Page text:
The Murder of Bonnie Garland
"Speaking quietly and carefully, his face evidencing a range of emotions, Richard James Herrin took the witness stand in Westchester Court Tuesday to admit killing his Scarsdale girlfriend," said one press account on June 7, 1978 (Connell). Litman wanted the jury to hear Herrin's explanation of how and why he killed Bonnie. It was important for the defense to let the court see the troubled young man on the stand. Maybe they could understand that Herrin was deeply obsessive of Bonnie and her rejection of him could be interpreted as a valid reason for murder.
When Litman asked his client if he murdered her, Herrin looked straight ahead and quietly replied: "Yes, I did."
"I...I don't know," he said. Herrin went on to describe his relationship with Bonnie since they met in 1975 when she was freshman at Yale. He told the court of their ups and downs together during that time and how they were separated when he left for his graduate studies at Texas Christian University. He said that he was tortured by the idea that he was losing Bonnie and feared he may never see her again. When he discovered that she was seeing another man in 1975, Herrin said he was devastated. He began to imagine hurting her for what she was doing to him.
"There were scenes popping into my head, like little nightmares," he told the court. He fantasized about committing suicide together and mutilating her body.
"I was ashamed for having thoughts like that in my head," he said. But when he received the last letter from Bonnie in July 1977, Herrin said, he was destroyed by the news that she had decided that she wanted to see other men as well. "I started crying," he told the jury. "I fell on the bed and cried. I spent the next two or three hours reading the letter and crying...then I would read the letter again and go into despair." As Herrin broke down on the stand, Judge Richard Daronco called a recess so the young man could compose himself. When he returned, Litman guided him through his thoughts on the night he killed Bonnie.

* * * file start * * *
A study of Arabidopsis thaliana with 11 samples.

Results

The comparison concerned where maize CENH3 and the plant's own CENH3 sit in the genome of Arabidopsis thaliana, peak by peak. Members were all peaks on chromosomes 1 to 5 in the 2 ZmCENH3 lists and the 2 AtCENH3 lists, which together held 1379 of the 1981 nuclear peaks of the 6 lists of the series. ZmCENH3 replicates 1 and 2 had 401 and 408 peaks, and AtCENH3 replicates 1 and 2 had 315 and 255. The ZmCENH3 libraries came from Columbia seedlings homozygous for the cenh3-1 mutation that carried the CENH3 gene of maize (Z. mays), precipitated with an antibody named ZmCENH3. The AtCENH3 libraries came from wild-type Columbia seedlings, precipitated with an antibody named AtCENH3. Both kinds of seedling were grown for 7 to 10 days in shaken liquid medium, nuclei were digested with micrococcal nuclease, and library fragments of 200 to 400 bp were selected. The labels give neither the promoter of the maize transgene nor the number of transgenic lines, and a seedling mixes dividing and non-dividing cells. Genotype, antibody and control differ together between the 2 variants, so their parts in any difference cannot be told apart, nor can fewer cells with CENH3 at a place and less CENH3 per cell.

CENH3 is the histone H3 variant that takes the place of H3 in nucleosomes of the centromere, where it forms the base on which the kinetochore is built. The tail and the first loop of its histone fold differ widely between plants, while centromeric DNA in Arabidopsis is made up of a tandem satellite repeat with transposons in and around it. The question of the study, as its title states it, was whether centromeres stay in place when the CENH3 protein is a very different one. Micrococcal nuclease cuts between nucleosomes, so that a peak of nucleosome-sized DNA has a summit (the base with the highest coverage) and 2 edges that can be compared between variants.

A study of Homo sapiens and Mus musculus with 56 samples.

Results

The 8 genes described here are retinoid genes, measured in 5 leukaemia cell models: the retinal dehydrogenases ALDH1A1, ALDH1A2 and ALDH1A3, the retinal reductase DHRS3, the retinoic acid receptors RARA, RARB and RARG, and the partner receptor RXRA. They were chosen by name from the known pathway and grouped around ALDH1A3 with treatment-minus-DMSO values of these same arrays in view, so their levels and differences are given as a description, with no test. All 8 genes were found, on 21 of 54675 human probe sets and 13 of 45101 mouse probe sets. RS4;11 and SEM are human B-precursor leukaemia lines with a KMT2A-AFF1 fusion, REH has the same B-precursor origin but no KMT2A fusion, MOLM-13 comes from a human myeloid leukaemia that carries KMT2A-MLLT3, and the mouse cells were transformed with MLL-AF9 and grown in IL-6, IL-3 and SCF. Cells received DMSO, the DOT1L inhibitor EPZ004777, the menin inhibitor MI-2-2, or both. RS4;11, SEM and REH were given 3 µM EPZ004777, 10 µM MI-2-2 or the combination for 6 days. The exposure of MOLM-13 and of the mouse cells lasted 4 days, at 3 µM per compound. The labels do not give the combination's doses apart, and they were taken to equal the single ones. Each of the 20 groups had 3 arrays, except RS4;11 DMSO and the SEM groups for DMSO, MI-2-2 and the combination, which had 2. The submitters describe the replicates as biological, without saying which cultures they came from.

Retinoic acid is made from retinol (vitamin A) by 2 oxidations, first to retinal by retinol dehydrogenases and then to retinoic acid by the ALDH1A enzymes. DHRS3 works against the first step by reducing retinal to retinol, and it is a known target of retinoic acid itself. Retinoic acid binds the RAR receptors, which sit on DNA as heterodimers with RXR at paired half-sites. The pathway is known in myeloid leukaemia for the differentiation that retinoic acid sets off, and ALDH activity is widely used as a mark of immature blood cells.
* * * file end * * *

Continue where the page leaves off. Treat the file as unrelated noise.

"I was flipping the pages (of a magazine) and looking at Bonnie," he said, "it came to me that I had to kill her and kill myself."
"Did you debate that in your head?" asked Litman.
"What did you feel at that time?"
"I didn't feel anything," Herrin replied. But prosecutor Fredreck was not moved by Herrin. During a brief but intense cross examination, he asked again about his feelings on the night of the murder.
"Mr. Herrin," asked Fredreck, did you tell your attorney at the time you killed Bonnie you felt no emotion?"
"That is correct," said Herrin.
"And when you walked into Bonnie's room with the hammer in your hand, did you intend to kill her?"
"Yes, I did."
"I have nothing further, Judge," said Fredreck.